The Clearwater Festival—officially known as Clearwater’s Great Hudson River Revival—will be featured in an upcoming issue of our new magazine, Music Festival Business, but here’s a visual preview of what we saw when we visited the long-running event on June 22, 2014.
Held annually in Croton Point State Park in Croton-On-Hudson, NY, about an hour north of New York City, the annual festival was originally founded in 1966 by Toshi Seeger and folk music legend Pete Seeger, her husband—both of whom passed within the last year. As a result, performances were packed with tributes to the pair and their life-long dedication to environmental education. Indeed, the festival is run by Hudson River Sloop Clearwater, Inc., a non-profit that engages in environmental research, education and advocacy for protecting the Hudson River.
While its roots are in folk music, the festival offers a range of musical styles, from Americana to blues to jazz and various indigenous genres from around the world. Lake Street Dive brought its eclectic mix of jazz, 1960s pop and blues to the Rainbow Stage, the main venue onsite, via an audio system supplied by Klondike Sound, the longtime sound vendor for the festival. While many festival crews remark that they’re like family, Clearwater’s lives up to the claim, as many staffers and volunteers have multiple decades of service under their belts—like production manager John Doerschuk, who has been part of the team since 1979.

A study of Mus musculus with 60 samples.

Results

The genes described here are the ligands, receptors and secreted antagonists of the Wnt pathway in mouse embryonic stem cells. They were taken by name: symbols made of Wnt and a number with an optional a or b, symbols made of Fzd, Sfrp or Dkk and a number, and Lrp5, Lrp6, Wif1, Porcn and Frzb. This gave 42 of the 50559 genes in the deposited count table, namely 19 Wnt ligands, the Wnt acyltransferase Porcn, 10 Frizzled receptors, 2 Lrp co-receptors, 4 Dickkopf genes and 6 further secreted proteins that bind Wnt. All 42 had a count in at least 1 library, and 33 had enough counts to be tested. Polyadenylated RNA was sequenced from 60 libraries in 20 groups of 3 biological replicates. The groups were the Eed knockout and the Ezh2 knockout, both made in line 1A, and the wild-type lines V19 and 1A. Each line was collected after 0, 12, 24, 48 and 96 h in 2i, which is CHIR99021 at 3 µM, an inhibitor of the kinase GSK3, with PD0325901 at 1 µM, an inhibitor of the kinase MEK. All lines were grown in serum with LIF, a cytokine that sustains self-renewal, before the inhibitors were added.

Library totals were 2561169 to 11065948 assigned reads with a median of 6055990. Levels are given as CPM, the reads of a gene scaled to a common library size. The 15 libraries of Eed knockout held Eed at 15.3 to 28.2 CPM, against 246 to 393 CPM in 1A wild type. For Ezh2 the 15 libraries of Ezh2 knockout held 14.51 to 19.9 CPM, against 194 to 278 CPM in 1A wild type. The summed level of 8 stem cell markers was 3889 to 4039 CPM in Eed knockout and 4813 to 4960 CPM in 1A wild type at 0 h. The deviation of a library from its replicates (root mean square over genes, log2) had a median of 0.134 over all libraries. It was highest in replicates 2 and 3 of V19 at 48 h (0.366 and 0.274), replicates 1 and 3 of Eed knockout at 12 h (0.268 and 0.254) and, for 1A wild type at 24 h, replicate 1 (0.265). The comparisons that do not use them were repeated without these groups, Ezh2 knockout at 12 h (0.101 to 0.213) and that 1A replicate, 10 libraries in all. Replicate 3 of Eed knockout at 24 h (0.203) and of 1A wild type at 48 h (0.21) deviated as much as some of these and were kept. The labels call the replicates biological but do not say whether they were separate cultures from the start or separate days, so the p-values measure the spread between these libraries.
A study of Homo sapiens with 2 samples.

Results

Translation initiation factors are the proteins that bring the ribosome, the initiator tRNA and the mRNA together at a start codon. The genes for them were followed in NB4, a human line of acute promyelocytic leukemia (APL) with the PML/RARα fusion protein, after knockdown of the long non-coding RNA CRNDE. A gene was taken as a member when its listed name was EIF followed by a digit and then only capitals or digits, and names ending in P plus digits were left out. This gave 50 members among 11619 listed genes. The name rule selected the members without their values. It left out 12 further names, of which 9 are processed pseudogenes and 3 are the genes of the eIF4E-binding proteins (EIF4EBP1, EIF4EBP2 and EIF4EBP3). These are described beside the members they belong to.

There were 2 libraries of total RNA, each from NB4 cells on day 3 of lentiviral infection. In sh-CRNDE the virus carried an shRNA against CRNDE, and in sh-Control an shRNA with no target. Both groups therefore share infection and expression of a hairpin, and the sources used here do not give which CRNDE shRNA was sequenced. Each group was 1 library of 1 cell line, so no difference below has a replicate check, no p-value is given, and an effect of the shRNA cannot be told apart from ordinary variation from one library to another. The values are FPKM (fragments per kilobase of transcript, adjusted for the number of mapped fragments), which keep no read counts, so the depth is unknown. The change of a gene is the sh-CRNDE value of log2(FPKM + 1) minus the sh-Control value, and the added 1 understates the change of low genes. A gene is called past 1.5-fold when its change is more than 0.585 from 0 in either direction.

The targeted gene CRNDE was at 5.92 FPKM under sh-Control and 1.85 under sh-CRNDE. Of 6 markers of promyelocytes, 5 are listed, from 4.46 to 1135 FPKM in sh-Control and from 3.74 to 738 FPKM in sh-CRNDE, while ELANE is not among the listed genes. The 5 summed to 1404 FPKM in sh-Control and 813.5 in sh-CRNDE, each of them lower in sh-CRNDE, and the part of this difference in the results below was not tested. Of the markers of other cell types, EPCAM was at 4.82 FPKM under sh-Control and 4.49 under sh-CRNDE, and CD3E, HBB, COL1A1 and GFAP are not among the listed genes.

There’s seven stages running simultaneously at the festival, ranging from the lively Hudson Stage, seen here between the trees right on the shoreline, all the way down to the relatively simple audio needs of the Story Grove, a storytelling stage.
When Houndmouth brought its tasty, harmony-drenched rock to the Hudson Stage, the appreciative crowd included passers-by on boats anchored on the shore within the dispersion pattern of the PA, which was slightly angled out into the river. Every stage at the festival featured American Sign Language interpreters at stageside, too.
The Hudson Stage, which also served up the likes of Toshi Regon, Laurie Berkner and moe., sported a Yamaha QL5 console at FOH.
Over at the Sloop Stage, one of the highlights was Pete Seeger’s Spanish Civil War Song Legacy with Bernardo Palombo and Hudson Valley Sally, heard through a groundstacked L-Acoustics PA.
The sloop stage was mixed on a Yamaha CL5 console supplied by NJ-based Boulevard Pro.